Hammond’s Autumn Statement: a “misunderstanding” of art and science

This week’s Autumn Statement favoured science over culture by billions of pounds – we hear from people within the creative industries about why the Government’s attitude towards both sectors needs to be reassessed.

Chancellor Philip Hammond, courtesy of the Foreign and Commonwealth Office.
Chancellor Philip Hammond, courtesy of the Foreign and Commonwealth Office

Chancellor Philip Hammond delivered his Autumn Statement this week, and while he has prioritised digital innovation, tech and science, attention towards the creative and arts industries was lacking in his speech.

In his follow-up report, he did pledge £10 million towards cultural and heritage projects across the UK – but this pales in comparison to the £4.7bn which will go towards research and development in science and innovation as part of a £23bn National Productivity Investment Fund, and the £1bn for 5G broadband trials and faster internet connections.

“Focusing narrowly on science and tech”

While investment in tech innovation and the digital sector will no doubt benefit creative businesses too, industry bodies have criticised the chancellor for focusing too heavily on science and tech and not taking advantage of the UK economy’s fastest-growing sector.

“The Government risks failing to capitalise on the potential of the wider creative industries… by appearing to focus support for innovation and R&D narrowly on science and tech,” says Creative Industries Federation chief executive John Kampfner. “We can deliver so much more if we are made a priority sector in the Government’s thinking.”

Of the £10 million promised to art and culture, £7.6 million will go towards restoring South Yorkshire’s Wentworth Woodhouse, and £2.6 million reserved for developing art complexes in Southampton and Plymouth, leaving £850,000 for cultural education.

“A fundamental misunderstanding” of culture and science

Compared to the £4.7bn promised to development in science, £850,000 doesn’t seem like much. The error made by the Government is that creativity and science are not seen as inextricably linked, says product designer Sebastian Conran.

“Maybe there is a fundamental misunderstanding with both the cultural and scientific sectors,” he says. “Creativity is something they both share and digital technology has made a huge impact on culture – but raw tech is an unappetising meal which needs expert designers to prepare it so it is delicious and appealing.”

Design ensures that sophisticated tech is “emotionally engaged and ready for human consumption”, Conran says – so creativity and tech should be treated as complementary to each other.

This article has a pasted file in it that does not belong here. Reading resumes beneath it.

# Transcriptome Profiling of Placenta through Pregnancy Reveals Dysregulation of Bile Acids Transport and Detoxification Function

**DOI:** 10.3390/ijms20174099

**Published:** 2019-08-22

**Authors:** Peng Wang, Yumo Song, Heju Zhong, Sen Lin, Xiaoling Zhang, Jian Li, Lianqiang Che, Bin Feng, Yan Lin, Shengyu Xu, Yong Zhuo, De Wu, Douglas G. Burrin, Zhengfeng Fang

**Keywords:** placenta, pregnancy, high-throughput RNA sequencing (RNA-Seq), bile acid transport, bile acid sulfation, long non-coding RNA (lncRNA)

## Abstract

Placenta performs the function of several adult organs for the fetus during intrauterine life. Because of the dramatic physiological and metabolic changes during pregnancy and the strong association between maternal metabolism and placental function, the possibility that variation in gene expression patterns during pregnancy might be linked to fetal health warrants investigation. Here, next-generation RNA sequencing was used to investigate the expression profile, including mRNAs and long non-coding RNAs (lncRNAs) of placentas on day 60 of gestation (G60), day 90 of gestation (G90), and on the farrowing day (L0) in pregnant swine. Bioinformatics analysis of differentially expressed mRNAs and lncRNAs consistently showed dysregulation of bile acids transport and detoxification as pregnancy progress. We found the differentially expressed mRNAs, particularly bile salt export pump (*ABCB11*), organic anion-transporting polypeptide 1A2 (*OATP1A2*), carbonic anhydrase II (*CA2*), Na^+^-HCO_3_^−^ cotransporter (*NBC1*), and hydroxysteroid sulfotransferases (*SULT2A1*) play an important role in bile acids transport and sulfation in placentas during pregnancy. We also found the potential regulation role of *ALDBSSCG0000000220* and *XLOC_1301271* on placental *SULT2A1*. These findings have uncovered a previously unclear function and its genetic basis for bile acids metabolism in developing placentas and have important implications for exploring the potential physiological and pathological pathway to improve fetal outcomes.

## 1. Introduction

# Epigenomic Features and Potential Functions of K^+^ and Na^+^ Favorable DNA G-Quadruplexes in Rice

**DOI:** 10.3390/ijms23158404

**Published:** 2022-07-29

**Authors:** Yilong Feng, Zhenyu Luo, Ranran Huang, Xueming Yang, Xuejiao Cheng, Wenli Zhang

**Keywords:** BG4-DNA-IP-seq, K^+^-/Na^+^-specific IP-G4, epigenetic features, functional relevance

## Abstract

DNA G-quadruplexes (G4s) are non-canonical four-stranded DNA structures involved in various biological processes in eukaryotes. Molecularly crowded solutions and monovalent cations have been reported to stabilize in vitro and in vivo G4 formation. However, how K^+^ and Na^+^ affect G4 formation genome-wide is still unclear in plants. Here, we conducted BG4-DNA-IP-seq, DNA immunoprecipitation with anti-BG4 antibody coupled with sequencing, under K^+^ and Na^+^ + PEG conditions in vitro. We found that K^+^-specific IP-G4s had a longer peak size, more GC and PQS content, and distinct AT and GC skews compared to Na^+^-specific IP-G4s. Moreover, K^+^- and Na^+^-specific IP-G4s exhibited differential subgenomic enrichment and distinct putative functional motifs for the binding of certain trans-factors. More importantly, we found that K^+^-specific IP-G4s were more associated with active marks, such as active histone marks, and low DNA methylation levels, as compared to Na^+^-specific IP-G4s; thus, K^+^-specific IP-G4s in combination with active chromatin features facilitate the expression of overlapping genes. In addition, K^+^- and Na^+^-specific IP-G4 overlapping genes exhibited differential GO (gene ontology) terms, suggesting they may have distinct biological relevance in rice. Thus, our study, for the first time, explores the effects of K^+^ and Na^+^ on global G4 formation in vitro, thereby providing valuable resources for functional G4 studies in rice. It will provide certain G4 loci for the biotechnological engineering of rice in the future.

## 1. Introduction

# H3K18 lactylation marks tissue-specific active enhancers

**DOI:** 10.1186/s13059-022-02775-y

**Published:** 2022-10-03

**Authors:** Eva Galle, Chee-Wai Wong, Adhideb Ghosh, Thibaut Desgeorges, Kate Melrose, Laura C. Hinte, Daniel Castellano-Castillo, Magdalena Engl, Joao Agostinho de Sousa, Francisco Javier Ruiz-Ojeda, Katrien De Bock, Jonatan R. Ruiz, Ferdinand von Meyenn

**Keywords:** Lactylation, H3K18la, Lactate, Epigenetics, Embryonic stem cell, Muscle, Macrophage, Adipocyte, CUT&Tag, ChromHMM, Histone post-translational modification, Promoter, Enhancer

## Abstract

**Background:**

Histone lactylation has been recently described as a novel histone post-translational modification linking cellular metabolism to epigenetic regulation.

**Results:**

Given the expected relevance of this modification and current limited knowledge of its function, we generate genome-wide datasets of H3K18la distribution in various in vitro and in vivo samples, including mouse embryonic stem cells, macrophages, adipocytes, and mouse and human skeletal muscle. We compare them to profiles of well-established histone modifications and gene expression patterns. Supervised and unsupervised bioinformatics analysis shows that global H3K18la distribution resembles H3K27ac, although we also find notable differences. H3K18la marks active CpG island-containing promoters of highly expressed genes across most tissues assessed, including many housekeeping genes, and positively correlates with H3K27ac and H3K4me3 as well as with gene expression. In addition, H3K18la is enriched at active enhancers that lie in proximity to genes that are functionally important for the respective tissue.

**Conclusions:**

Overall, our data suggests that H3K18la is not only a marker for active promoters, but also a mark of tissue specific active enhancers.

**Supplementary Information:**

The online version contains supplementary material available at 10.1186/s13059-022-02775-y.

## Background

Tax relief for museums is “good news”

Hammond has placed some emphasis on cultural enrichment – he has promised to help museums out by extending tax relief to include permanent as well as temporary exhibitions, from April 2017 – making it easier for museums to put on exhibitions and keep them running.

Mike Hayes, partner at creative industries’ accountancy firm Kingston Smith, says that while the Autumn Statement was “fairly light on announcements for the creative industries”, Museums and Galleries Tax relief was one of the “exceptions”. This will run until 2022, and relief will be at 25% of expenditure for touring exhibitions, and 20% for permanent ones.

“This is good news,” Hayes says. “There are already generous tax credits for film, high end TV, animation, video games, orchestras and theatres, and the Chancellor may have felt that they are enough for now, while he focuses on infrastructure and productivity.”

Scope of R&D funding should be “widened”

Kampfner at the Creative Industries Federation adds that there is value in the Government’s plans to provide £1.8bn funding for local enterprise partnerships (LEPs), which could help to create more jobs in the creative sector in local areas – if, of course, local authorities decide to distribute their money towards art and culture.

Hayes adds that the Government’s promise to deliver £2bn of funding for R&D in universities and businesses by 2021 could also benefit creativity – but only if “the scope is widened”. The Government has made it clear this will back scientific research and the development of tech, such as robotics, artificial intelligence and industrial biotechnology, but “details are sparse” on any other use of the funding, says Hayes.

People are both “emotional and rational”

With less than £1 million devoted to a Royal Society of the Arts scheme that aims to promote cultural education in schools, compared to the billions going into science and tech, the overarching opinion is that the potential of the creative sector needs to be realised by Government and joined together with science as part of the same entity.

The Government needs to look to nurturing the public’s “emotional and rational” – creative and scientific – sides, says Conran, and see beyond “data-driven evidence”, while Kampfner says more emphasis should be placed on education, skills, training and apprenticeships.

Read the full Autumn Statement report here.


    The main problem is that nearly everyone in government and opposition went to public (private) schools and universities where creative arts and design are regarded as mildly amusing but unimportant peripheries to modern life.
    The fact that these are actually some Britain’s most successful industries internationally, where we actually do lead the world, has never sunk through to those in power. This is the fault of the absurd British education system which devalues art and design to a lower class activity.
    Successive governments have forced the once-independent art school system to follow the entirely inappropriate “Oxbridge”
    model of higher education. Most of today’s
    leading designers came through the older much more liberal system of art education.